Self Settling and Soothing Baby to Sleep

The issue of self settling and soothing baby to sleep provokes a range of emotions in us all.

What Babies Need, What they can do and What we Need to do to Help Them

Babies are born completely emotionally and physically reliant upon us. They don’t even know that they are separate entities from us in the first months of life. For that reason, we as parents need to provide care that helps them feel safe and secure so each individual baby can learn that the world around them is safe and protective.

When a baby is crying, we do things to calm them, as they become calmer, we, here in Australia, call that comforting or soothing our babies. Babies also need to be able to be soothed and comforted.

If they are really distressed, comforting efforts may not work, BUT what is important is, that we stay with them.

There has been research to show that when babies cry alone, the area of the brain that is activated, is the same area that is activated with physical pain, but if we are with babies when they are distressed, the brain response is different.

Babies learn how the world works from experiences, if they are offered comforting care, that is predictable and sensitive to their needs, then they learn about emotional regulation.

Self regulation occurs when a baby sucks; they can take themselves from distressed to calm but sucking won’t work if their external or internal environments are challenging, and that will override their ability to respond to sucking.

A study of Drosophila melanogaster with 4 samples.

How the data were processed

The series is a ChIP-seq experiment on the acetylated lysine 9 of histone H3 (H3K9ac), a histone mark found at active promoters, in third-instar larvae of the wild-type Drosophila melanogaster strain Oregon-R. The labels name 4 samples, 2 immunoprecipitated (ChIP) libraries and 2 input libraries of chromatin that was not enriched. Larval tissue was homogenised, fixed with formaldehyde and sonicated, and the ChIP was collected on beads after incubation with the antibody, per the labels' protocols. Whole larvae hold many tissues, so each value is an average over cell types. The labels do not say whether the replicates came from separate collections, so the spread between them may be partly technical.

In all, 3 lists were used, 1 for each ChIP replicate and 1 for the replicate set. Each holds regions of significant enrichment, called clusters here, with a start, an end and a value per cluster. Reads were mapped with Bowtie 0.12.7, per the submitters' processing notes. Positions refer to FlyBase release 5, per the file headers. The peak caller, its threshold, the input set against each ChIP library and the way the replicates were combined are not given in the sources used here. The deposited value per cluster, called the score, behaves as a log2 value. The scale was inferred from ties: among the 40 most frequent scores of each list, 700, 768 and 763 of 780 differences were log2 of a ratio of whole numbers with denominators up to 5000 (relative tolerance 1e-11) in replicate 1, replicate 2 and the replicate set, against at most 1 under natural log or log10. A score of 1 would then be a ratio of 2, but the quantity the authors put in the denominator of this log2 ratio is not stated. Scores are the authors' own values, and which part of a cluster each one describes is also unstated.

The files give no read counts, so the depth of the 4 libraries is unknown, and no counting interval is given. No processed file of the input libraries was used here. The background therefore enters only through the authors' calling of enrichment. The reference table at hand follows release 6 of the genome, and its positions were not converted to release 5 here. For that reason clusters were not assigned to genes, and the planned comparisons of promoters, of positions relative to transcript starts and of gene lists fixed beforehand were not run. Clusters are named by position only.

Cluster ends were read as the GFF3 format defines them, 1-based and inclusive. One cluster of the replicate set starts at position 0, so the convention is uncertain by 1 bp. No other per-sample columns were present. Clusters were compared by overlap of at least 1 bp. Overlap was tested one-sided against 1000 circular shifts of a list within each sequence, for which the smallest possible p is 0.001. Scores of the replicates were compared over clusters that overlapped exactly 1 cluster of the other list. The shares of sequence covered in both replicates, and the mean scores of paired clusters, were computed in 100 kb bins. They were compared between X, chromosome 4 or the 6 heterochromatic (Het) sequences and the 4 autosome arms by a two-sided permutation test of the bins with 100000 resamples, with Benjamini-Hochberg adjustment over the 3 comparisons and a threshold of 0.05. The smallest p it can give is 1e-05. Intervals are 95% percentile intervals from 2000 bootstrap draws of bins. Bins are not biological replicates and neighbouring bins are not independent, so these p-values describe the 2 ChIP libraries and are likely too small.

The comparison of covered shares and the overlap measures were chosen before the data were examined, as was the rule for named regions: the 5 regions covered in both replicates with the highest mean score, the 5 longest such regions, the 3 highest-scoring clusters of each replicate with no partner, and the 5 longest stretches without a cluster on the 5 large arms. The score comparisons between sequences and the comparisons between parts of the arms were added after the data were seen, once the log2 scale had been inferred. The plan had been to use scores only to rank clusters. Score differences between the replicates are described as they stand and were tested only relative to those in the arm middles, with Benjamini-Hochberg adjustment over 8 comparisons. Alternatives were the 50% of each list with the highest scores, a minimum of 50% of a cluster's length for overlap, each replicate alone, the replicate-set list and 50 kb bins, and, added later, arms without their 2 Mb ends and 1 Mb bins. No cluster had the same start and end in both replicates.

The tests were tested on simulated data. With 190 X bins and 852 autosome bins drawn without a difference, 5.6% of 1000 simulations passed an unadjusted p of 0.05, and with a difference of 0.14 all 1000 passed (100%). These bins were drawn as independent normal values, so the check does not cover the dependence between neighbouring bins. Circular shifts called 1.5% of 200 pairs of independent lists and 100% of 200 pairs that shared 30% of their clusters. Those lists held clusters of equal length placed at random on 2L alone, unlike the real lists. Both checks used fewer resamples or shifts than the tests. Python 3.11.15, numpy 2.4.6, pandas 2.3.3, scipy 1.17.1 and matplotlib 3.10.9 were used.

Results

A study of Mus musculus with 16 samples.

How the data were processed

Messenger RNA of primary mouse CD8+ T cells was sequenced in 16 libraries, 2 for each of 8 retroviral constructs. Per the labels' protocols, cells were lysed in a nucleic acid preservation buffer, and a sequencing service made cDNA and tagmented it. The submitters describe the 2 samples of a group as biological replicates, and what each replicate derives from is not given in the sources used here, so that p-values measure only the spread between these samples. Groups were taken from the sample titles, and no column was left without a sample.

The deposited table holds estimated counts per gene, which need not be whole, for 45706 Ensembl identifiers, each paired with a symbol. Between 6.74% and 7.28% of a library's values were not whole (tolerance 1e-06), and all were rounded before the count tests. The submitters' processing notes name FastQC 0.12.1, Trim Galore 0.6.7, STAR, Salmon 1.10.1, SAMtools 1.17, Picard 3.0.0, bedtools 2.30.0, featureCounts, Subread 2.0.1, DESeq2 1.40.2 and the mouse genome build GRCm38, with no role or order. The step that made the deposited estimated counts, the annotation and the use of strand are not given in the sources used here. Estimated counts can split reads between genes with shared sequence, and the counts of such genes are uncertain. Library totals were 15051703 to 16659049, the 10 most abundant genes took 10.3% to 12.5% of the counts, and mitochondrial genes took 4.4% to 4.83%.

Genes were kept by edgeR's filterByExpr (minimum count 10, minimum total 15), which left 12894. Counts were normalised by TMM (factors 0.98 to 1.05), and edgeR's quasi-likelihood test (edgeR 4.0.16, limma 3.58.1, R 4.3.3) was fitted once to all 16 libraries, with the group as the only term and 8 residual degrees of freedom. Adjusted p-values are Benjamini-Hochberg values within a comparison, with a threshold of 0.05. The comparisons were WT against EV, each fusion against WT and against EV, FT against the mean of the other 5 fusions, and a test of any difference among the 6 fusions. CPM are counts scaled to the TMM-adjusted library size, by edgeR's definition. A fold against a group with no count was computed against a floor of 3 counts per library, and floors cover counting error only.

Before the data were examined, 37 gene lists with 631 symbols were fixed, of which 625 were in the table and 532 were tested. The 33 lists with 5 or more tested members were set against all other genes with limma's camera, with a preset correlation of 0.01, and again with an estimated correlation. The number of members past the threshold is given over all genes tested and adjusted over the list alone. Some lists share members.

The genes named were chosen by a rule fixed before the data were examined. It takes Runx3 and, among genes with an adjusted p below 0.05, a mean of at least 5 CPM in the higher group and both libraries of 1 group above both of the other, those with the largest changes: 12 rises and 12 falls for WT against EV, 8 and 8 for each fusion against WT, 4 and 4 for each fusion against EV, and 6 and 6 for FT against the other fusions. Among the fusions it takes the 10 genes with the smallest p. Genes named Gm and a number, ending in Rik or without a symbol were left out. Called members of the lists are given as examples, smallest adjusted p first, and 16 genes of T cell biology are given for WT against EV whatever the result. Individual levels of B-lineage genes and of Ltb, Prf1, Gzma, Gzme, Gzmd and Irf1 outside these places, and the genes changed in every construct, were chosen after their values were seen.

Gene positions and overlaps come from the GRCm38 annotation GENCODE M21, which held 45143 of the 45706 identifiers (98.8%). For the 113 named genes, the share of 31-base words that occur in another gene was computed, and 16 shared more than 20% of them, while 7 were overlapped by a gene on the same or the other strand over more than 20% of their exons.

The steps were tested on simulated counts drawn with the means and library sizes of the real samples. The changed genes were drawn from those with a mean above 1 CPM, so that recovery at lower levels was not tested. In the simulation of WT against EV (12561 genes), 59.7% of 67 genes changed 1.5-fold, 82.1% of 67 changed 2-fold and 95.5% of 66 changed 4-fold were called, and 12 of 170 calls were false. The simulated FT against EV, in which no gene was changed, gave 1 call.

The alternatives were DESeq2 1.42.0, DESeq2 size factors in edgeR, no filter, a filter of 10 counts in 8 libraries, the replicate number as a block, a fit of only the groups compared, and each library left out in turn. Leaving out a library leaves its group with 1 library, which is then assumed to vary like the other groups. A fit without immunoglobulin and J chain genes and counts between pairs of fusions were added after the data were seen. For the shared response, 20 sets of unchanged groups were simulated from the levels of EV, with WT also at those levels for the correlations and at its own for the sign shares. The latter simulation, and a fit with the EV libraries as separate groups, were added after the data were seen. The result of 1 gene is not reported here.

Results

When will a baby self-soothe?

Well they do when they suck, BUT that is more reflex behaviour, as emotional soothing and regulation is a more complex mechanism in the brain.

So when can a baby self-soothe?

When their environment (including care-giving) is supporting them to help them understand that they will be okay, because they have a caregiver who offers care when they are distressed.

For some it happens earlier than others, hec I know some adults who still struggle to self regulate, so we do need to be aware that babies need kind, sensitive care so they learn the world is a safe secure place, even when the going gets tough.

When they are distressed when they cry, we need to hear them and offer them care that will help them soothe.

It is very easy to take this to extremes, but every parent wants the best for their baby and toddler, so when they cry, we respond in a way that is kind and showing our baby we will be there for them. Equally, when a baby is content or just grizzling, they are okay to be alone because they have innate behaviours that ensure they cry out when they need us.

Parents too have an inbuilt mechanism that makes them unable to ignore a baby cry, as the famous paediatrician Donald Winnicott (1953) said, “the critical component of the ‘good enough’ mother role is that of adaptation”; that is caring for the baby when needed, which gives the baby a growing sense of control and connectedness, then as the baby grows, the mother (parent) allows the baby some space in which they manage for themselves. The rate at which the parent is less adaptive is dependent on the baby’s ability to deal with less adaptive care. In other words, a little space is fine as long as the baby manages and that is seen by how calm and regulated the baby seems when alone.